Podcast Explores How Nurses Are Impacting the Healthcare Landscape
A recent podcast presented by Freakonomics Radio highlighted the vital role that nurses are playing in the ever-evolving world of healthcare, and how they could help solve pressing problems associated with our current healthcare system. Americans place a great deal of trust in nurses, ranking them #1 on the Gallup Poll list of professions that are most honest and ethical for 15 consecutive years. But exactly what effect do nurses have on patient outcomes?
The Dramatic Effect of Nurses on Patient Outcomes
To examine this effect, two researchers studied the effects of a parental-leave program in Denmark that was designed to ease unemployment in that country in the mid-1990s. Parents with a child age eight or younger were offered up to one year of additional leave of absence. However, since many more women took advantage of the program than men, the unintended result was that the nursing workforce suddenly shrank by 12 percent. This gave the researchers the perfect scenario to measure just how patients were affected by a shortage of nurses. The results were startling.
- When examining 30-day readmission rates at hospitals, the researchers found Denmark’s nursing shortage resulted in a 21 percent increase in readmission for children and adults.
- For infants, the nursing shortage resulted in a 45 percent increase in newborn readmission rates.
- In Danish nursing homes, the reduction in nurses led to a 13 percent increase in mortality among people aged 85 and older.
Could Nurse Practitioners Save an Overburdened Healthcare System?
As demand for health care services continues to spike, especially in primary care, the Association of Medical Colleges projects a potential shortage of up to 43,000 primary care doctors by 2030. Since nurses are so effective and also relatively less expensive than doctors, many within the industry believe highly-trained nurses called nurse practitioners (NPs) are the answer to combating the doctor shortage.
Could Retail Clinics Change the Healthcare Landscape?
Many economists believe that having more competition in healthcare markets might drive down costs and improve the way that healthcare functions – and retail clinics are one way to increase healthcare availability while decreasing costs. A study on the impact of nurse practitioners practicing at retail clinics in New Jersey found that emergency room visits were significantly reduced in geographic areas that had retail clinics nearby. Other findings included:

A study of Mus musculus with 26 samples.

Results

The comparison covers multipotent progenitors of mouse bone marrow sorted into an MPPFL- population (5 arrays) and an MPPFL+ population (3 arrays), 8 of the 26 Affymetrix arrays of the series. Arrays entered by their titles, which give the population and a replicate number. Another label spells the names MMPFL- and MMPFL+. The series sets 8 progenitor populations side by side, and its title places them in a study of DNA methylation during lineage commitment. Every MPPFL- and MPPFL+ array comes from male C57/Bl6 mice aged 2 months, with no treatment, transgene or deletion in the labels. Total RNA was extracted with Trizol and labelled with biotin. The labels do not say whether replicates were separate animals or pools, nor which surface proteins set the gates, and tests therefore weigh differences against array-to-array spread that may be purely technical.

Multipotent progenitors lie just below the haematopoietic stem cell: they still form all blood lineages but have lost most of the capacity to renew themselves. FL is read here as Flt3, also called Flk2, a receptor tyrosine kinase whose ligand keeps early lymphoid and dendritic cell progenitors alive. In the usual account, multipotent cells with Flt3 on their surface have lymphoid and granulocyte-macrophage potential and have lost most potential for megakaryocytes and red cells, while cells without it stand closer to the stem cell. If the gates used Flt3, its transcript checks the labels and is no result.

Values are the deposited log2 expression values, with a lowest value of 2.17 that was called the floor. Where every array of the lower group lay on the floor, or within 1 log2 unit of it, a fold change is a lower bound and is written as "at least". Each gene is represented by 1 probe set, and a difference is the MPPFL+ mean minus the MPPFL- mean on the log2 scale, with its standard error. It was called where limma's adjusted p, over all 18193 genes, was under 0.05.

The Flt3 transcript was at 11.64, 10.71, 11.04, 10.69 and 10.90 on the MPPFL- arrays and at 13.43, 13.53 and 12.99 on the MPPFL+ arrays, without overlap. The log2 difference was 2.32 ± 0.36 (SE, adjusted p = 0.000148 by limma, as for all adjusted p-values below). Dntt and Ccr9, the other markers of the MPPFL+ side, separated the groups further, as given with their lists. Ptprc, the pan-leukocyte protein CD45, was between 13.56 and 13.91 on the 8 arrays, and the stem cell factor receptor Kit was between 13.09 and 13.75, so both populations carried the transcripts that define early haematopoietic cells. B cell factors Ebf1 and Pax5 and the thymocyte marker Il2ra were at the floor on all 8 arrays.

- People residing close to an open retail clinic were up to 12 percent less likely to visit an ER for preventable and minor conditions, such as earache and pink eye.
- Retail clinics saved patients money by encouraging preventive care including flu shots and timely diabetes testing.
- Researchers estimated that reduced ER usage and better preventive care could result in an estimated annual cost savings of more than $70 million if retail clinics were accessible throughout New Jersey.
Physician Assistants and Quality of Care
Similarly, physician assistants (PAs) are aligned with nurses in improving healthcare outcomes and easing the strain on doctors in many areas. PAs are nationally board-certified, state-licensed healthcare providers, and are trained to diagnose and treat patients and prescribe medication. According to the American Academy of Physician Assistants, studies have shown that the quality of care provided by PAs is comparable to that of physicians. The states with the highest number of recently certified PAs include New York, Pennsylvania, Texas, California and Florida.
Learn More About RediClinic
RediClinic health clinic is proud to provide high-quality, convenient and affordable healthcare. Our staff of board-certified clinicians – including hundreds of caring nurse practitioners and physician assistants – treat most common medical conditions and offer a wide range of preventive services. Find out how we can serve the healthcare needs of your family.